Monday, September 1, 2008

Summer Movies 11: The House Bunny

Well, summer’s come to a close, and with it the slate of summer movies. Now come the fall movies, which are usually action, horror, thriller, and a few early Oscar contenders. Which is why it seemed like a good idea to end the season with a movie that is the epitome of summer – light, frothy, carefree. So I went to see The House Bunny.

Based on the television commercials, I would have said the only way you could get me to see The House Bunny would be to strap me in and tape my eyelids open, Clockwork Orange-style. But I saw the longform trailer which did a much better job of making it look like an appealing movie. (Which, note to studios, television spots are as important as trailers – you almost lost my $10 with your shitty TV cuts.) And then I heard it was written by a female duo, and I’m trying to vote with my wallet to support women behind the camera (the same reason I’ll see The Women opening weekend), so I went.

And I’m glad I did! It’s a really cute movie. It’s not reinventing the wheel by any means, it’s a mashup of tropes we’ve seen before. There’s some Revenge of the Nerds, Clueless, and the usual “be yourself (but better)” message. But it also has a lot going for it.

Anna Faris, for instance. She’s a wonderful comedienne. She’s absolutely fearless and that makes her hysterical. I also caught her in a movie on HBO last week, Smiley Face, which is a rare female stoner comedy, and she was great in that. She has fantastic presence and I have no doubt she’ll go far, assuming Hollywood is smart enough to recognize and write for her talent.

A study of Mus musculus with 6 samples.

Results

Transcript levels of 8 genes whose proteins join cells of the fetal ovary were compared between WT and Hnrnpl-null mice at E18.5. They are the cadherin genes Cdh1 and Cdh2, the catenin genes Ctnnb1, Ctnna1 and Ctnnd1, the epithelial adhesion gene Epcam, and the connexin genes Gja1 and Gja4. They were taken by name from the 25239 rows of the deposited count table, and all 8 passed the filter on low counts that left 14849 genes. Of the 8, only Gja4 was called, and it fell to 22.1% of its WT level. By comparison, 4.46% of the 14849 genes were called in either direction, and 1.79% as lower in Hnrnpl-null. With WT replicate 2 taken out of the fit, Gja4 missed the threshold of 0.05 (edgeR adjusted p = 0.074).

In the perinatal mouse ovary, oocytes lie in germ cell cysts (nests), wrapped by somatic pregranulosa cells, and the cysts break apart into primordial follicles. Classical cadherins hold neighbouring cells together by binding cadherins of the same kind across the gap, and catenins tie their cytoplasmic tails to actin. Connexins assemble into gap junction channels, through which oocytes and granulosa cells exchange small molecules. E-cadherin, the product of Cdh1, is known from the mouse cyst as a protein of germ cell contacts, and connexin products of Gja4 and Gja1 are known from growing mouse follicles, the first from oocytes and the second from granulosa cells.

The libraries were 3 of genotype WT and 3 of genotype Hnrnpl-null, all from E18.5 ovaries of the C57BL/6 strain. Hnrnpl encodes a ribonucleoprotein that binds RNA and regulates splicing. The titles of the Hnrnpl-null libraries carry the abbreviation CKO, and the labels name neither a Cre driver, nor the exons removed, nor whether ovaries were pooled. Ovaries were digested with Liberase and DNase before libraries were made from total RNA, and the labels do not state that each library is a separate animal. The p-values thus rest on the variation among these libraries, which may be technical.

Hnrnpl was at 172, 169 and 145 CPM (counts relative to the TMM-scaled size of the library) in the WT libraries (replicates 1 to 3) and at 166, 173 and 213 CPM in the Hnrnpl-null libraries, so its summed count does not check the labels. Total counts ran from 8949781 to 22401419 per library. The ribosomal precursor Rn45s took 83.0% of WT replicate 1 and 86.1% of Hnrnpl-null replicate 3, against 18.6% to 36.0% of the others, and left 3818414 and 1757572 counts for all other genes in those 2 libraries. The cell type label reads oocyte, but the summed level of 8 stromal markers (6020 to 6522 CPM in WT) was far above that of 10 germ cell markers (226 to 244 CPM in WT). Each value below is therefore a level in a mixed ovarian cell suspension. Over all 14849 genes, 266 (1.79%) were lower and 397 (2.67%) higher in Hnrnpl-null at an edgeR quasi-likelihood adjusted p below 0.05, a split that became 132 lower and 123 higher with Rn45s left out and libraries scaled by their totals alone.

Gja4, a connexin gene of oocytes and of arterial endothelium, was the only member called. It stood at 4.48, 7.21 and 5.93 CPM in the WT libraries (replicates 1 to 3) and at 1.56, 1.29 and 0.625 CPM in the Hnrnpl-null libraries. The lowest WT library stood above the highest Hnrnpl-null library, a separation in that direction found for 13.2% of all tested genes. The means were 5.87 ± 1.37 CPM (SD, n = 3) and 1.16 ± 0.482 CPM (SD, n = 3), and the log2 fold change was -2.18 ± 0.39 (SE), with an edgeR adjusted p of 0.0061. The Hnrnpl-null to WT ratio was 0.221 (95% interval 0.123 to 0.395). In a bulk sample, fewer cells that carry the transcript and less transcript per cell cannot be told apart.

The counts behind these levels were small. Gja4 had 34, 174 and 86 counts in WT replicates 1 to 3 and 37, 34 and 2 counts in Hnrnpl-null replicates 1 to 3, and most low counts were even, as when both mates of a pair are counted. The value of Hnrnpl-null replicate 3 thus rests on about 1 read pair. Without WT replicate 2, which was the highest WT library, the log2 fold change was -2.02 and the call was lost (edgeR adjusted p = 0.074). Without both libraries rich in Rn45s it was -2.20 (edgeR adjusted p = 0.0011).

The movie is flat out hilarious. I actually laughed aloud several times, and the “remembering the names in the exorcist voice” scene had me laughing so hard my eyes actually watered, a feat even my beloved Tropic Thunder didn’t achieve.

I like that even after the makeovers, most of the girls still looked a little odd. They cast actually awkward, odd (but not hideous) girls, instead of cookie cutter pretty girls that they frumped up for the first act.

The movie isn’t without flaws, of course. The soundtrack was a little generic. It included “When I Grow Up” by The Pussycat Dolls, a song that might be everything wrong with humanity by a band that’s definitely everything wrong with humanity. Then there was the overused “Girlfriend” by Avril Lavigne. The rest of the tracks were pilfered from Gossip Girl and iPod commercials – Yael Naim’s “New Soul”, “Shut Up and Let Me Go” by the Ting Tings, and “Sour Cherry” by The Kills. None seemed particularly apt for the scenes they were matched with (except for maybe “New Soul”) but rather like the music designer just grabbed whatever was popular and at hand.

The montages – a staple of the genre – were also too many and too fake. I love a good montage as much as the next gal, I really do, but I prefer them to be somewhat rooted in reality. When you and your friends are getting ready to clean up a house, do you line up and put your gloves on one by one? Probably not. I can take one shot like that and forgive it for the “ode to spunk” that it is, but when the whole montage looks choreographed I get pulled right out. Also, it’s kind of weird that the father of the bun cooking in the pregnant girl’s oven is never mentioned. Like, really weird, actually.

Finally, there is the inherent problem with any “makeover” movie and the risk of sending the wrong message. Even when the made-over girls eventually realize they were happier before and provide the movie with its moral lesson (“be yourself” blah blah blah), the fact is that the movie still portrays unattractive or oddball girls as social lepers in need of saving, and even if they go back to what they were before, they always retain enough of their refinement to stay socially viable.

But The House Bunny is ultimately a very entertaining, feel good movie. I recommend it for an enjoyable bit of escapist fluff, and a chance to see Anna Faris before she really hits it big.